But It's Not Identical to Other Mandatory Sick Time Ordinances

The 2015 Oregon legislative session is set to include debate over state-wide mandatory sick time. In the 2013 legislative session, legislators discussed mandatory sick leave, but ultimately did not enact any sick leave law. Now, Senator Elizabeth Steiner Hayward (D-Beaverton) and Representative Jessica Vega Pederson (D-Portland) have proposed a new draft bill to provide all Oregon workers with paid sick time.

This new state-wide mandatory sick leave draft bill differs from Portland's, Eugene's, and Seattle's respective mandatory sick time ordinances in several ways, including the following:

  1. Waivers: Workers in the building and construction industry, longshoremen, or stage hands whose terms and conditions of employment are covered by a collective bargaining agreement are not required to comply. While the Seattle ordinance permits employers and employees who are part of a bona fide collective bargaining agreement to enter into a written waiver, the Portland Protected Sick Time Ordinance does not provide this exemption, nor does the Eugene Sick Leave Ordinance provide such a broad exemption.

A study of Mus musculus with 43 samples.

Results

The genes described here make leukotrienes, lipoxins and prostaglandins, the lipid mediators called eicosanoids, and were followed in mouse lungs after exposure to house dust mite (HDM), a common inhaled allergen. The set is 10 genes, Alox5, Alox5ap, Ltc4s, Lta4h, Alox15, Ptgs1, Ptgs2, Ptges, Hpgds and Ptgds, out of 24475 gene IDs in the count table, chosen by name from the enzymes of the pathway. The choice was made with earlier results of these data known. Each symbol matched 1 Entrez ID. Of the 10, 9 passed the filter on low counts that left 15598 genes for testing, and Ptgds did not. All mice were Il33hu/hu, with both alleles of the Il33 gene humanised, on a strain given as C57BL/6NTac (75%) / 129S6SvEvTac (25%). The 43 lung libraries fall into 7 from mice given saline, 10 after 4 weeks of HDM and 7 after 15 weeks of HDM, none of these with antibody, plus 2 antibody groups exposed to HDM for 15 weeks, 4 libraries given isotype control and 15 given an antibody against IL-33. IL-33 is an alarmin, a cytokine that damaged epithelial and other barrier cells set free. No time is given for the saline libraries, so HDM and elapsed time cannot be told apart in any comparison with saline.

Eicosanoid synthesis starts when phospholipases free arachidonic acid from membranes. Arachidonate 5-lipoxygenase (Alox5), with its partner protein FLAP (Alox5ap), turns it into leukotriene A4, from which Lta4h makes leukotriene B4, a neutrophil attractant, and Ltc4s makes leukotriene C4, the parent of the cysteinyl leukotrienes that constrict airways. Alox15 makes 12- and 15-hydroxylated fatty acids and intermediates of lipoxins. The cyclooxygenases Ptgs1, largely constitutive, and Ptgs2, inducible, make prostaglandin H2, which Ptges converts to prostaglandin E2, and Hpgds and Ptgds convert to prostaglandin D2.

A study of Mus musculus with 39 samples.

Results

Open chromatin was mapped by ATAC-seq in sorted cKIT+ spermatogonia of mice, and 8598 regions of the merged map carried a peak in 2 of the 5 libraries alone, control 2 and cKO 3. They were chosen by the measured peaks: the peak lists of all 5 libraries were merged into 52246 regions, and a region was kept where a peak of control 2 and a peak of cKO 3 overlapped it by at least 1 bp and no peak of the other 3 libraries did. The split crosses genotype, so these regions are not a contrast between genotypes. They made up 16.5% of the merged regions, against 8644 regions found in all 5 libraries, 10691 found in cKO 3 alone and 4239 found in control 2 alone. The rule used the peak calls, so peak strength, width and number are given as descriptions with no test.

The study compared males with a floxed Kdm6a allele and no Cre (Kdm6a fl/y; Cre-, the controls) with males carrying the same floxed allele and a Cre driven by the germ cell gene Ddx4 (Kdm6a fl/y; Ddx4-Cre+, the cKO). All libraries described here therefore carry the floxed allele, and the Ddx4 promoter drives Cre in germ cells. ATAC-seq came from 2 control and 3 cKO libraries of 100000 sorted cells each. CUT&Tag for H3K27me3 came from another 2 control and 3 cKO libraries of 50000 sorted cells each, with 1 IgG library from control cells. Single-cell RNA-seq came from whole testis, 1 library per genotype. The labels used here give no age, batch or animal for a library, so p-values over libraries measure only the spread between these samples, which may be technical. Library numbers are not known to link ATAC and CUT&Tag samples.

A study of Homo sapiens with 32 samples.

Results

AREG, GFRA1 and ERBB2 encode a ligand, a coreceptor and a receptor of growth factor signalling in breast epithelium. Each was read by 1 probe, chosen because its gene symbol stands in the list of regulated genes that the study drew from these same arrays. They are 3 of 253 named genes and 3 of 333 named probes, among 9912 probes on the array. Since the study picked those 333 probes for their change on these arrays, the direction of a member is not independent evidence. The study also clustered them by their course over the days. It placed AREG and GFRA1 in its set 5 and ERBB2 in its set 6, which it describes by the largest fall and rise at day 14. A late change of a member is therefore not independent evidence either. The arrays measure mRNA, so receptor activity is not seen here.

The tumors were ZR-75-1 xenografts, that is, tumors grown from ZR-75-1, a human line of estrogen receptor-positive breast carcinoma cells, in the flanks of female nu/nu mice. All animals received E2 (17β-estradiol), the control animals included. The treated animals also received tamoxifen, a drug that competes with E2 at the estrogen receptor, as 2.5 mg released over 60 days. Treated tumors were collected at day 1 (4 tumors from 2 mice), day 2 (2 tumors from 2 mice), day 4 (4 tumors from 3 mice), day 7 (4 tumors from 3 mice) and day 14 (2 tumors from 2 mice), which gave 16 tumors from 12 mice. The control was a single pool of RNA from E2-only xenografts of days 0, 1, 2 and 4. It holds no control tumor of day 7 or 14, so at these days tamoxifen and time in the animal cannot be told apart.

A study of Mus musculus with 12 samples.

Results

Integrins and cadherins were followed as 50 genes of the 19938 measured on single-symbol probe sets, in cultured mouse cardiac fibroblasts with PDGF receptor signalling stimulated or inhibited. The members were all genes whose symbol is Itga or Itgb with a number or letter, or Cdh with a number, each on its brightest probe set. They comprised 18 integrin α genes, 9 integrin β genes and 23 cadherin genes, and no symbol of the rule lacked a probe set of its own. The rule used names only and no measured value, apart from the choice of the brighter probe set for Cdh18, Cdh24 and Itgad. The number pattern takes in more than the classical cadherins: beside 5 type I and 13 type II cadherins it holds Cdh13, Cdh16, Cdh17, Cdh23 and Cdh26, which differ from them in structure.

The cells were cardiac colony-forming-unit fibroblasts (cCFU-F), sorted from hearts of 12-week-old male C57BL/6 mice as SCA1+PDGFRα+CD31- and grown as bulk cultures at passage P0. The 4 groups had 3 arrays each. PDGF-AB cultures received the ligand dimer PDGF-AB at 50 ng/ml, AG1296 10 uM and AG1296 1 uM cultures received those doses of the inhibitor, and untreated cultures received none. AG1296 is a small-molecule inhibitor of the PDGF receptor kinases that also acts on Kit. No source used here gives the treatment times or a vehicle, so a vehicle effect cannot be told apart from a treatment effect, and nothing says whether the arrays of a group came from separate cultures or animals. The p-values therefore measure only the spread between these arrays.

2. 56 hours of paid sick leave: Workers will be permitted to earn and use at least 56 hours of paid sick leave per year. This follows the Seattle Sick and Safe Time Ordinance's requirement for "tier two" employers, which are those employers with 50 to 249 full-time equivalents per calendar week during the previous calendar year. However, the Portland and Eugene ordinances require employers to provide eligible workers with up to 40 hours of sick time.
  3. 1 hour increments: Accrued sick time may be taken in increments as small as 1 hour. This follows the Portland Protected Sick Time Ordinance, but not the Eugene draft administrative rules (which you can read more about here).
  4. 3-year recordkeeping: Employers will be required to maintain records for 3 years from the date paid sick time accrues.
  5. More potential for liability: The draft bill provides for numerous revisions to laws governing damages and penalties for employer violations, including compensatory and punitive damages against employers. In addition, employers could face a civil penalty of up to $50,000 for a first violation and up to $100,000 for subsequent violations.